4 In Food in Korea/ hidden gems of Korea/ Seoul Life 2012

[Restaurant] Uzbekistan Food in Korea

When I say dongdaemun, what do you think of?

Doota, Good Morning City, aPM and all the shopping malls?

Do you know that Dongdaemun also houses a number of Russian and Uzbekistan restaurants in a ‘Russian Street’?

Was on one of my favorite random walks in the area and we suddenly came across a street full of Russian (or what looked like it) signs. Even the EMS post office sign was in Russian entirely!

Was feeling adventurous and hungry, so we went in into a hole-in-the-wall kind of Uzbek restaurant, which looked authentic. The food was so great that we back again a second time on another day 😀

One on the time we sat beside this group of guys (Korean) who were speaking fluent Russian. And on our 2nd visit, they came in for lunch too!!! Must be regulars.

Time for food photos. Of course we didn’t eat all at one go. 2 visits.

This is a noodle dish and it was DAMN NICE. I’m sorry I can’t remember what they are all called right now, but the menu has photos.

Rice with lamb and carrots!!! 😀 I noticed that Uzbek food tend to have a lot of carrots and lamb. But yummmm I’m a huge fan of mutton. And for those who are turned off by the distinct smell of lamb, I think this restaurant did a pretty good job of it!

Again, some potato lamb stew. The soup tastes like the soup we had in the noodle dish above. There’s chickpeas in this too! Can be a little oily for some, but it’s yums.

This was given for free as starters or banchan. LOL I can’t figure it out whether the Uzbek has the custom to give starters or it’s a Korean thing. #likehoneywithpizza

THIS IS MAJOR YUMS! The meat was so soft and the potatoes so nice!!! I think I was looking very 행복해 when I was eating it. 😀

Tried some of their pastries too! This was decent, with a meat filling. Flaky pastry.

This was their 만두튀김 hahahaha. They have Korean on their menu too and sometimes it’s kinda amusing. I think I was a bit shocked by the size when it came. To illustrate how huge it is, I’ll share a erm rare photo of myself.

Super unglam photo. But whatever, it’s just to show you how big the dumpling is. It’s a meat filling too.

You must try the beer!!!! 😀 Russian beer is nice. They have it in different numbers, 3 ,5 7, 9 I think in increasing levels of alcohol content. We had the 7 (which was supposedly the most popular) and 9 (which I LOVE).

Want to visit the restaurant? I’m horrible at giving directions but all I can say is that it’s near exit 5 of Dongdaemun History and Culture Station. It’s one of the major stations in Seoul and there are 3 lines (line 2,4,5) on it. I believe exit 5 is nearer to line 5.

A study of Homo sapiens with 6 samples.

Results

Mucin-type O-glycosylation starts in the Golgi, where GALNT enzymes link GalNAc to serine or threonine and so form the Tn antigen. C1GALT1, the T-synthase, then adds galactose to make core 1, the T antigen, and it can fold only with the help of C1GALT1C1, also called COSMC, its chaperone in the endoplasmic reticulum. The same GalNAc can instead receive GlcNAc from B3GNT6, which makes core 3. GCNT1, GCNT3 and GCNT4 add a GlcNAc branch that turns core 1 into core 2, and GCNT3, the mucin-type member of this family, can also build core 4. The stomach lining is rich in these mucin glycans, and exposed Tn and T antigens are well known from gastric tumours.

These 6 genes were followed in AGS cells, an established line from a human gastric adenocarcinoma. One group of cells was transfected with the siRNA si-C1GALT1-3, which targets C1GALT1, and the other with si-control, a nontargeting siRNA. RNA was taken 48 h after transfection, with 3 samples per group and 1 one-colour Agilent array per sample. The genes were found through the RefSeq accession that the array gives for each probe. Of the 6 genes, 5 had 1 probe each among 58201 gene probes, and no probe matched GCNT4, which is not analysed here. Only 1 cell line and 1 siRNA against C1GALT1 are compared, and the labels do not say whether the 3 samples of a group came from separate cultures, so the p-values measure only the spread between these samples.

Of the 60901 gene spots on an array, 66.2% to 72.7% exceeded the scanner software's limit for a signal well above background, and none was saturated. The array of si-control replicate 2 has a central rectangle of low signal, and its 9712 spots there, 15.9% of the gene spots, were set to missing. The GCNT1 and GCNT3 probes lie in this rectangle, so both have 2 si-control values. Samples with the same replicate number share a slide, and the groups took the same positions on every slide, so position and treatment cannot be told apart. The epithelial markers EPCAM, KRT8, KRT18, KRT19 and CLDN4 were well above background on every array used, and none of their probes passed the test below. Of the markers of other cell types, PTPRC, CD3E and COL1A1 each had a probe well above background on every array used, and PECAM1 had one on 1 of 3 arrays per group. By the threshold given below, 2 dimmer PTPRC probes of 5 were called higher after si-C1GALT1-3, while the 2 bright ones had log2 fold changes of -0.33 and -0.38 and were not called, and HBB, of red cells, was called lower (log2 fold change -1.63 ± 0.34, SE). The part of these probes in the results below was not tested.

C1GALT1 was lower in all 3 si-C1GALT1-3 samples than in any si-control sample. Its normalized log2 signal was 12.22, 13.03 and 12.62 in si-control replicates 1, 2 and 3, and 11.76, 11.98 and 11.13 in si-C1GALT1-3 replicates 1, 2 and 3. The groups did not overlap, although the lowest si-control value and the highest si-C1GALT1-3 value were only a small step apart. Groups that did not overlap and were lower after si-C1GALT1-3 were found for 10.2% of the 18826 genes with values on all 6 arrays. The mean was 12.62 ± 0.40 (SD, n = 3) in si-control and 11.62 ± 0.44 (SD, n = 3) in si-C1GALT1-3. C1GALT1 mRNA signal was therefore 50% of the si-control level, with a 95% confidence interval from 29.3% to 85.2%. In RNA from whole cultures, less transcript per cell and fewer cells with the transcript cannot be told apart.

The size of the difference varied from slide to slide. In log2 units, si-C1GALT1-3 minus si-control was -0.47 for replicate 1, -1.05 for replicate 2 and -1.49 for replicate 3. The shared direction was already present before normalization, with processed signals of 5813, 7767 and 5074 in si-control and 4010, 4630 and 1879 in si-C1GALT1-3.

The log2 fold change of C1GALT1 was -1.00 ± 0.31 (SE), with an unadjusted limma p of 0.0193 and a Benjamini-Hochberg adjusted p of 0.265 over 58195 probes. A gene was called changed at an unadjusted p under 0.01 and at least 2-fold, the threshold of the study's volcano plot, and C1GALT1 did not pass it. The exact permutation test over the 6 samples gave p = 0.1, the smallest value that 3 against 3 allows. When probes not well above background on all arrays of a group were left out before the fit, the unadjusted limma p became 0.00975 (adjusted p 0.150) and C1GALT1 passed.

I snapped a photo of the name card. So perhaps it will give you guys a better indication of where it’s located!

Sorry guys, I have shaky hands. D:

Have you guys tried Uzbek food? 

    Shin Haido
    2 September, 2012 at 11:26 AM

    wow.. they look so delicious. hhahhaha it’s morning here and i don’t have my breakfast and lunch yet.. looking at your post make me sooo huungry… gotta make me self some noodles right now.. 😆

    • Reply
      2 September, 2012 at 9:03 PM

      hehe looking at it makes me hungry too D:

  • Reply
    25 June, 2014 at 6:48 PM

    Hi, I have just read about Smarkand, I have not been inside and did not tried the food but i came to look at it last time I was in Korea, My father likes to come to that area often, because this is the place where he can feel more like at home. I just wanted to comment about the side dishes. In Uzbekistan the side dish with Carrots called “markov-cha” Carot-cha, This salad is knows by each and every person living in Uzbekistan, and it came from Korean people living in uzbekistan, like my family. I don”t know if Hangook people has similar food, well till now i haven’t met it in any of their restaurant, i think i came from old old korean people who moved to Russia in late 1890″s and this food recipes has been passed from generation to generation. You are right there is not side dishes in Uzbek food tradition in general, they usually should serve it with a “achuchuk” which is just a garden cucumber tomato salad with some fresh onions, but since korean had a great influence into Uzbek food culture over all, Uzbek Plov is always tasted better with Markov cha, even for uzbek people.
    I hope did not annoyed you with this comment, I just felt that you will be interested to know more about the uzbek food 🙂

    • Reply
      28 June, 2014 at 12:32 PM

      Hi Natalya! 😀

      wow thanks for sharing!! I was really curious about that carrot side dish!! Saw it in Smarkand too! I didn’t know anything about Uzbekistan food prior to this, it’s cool to know something about the history of the food! ^^ I miss the food in the restaurant, it was really delicious. 😀

      Thanks for reading and hope to see you around the blog again!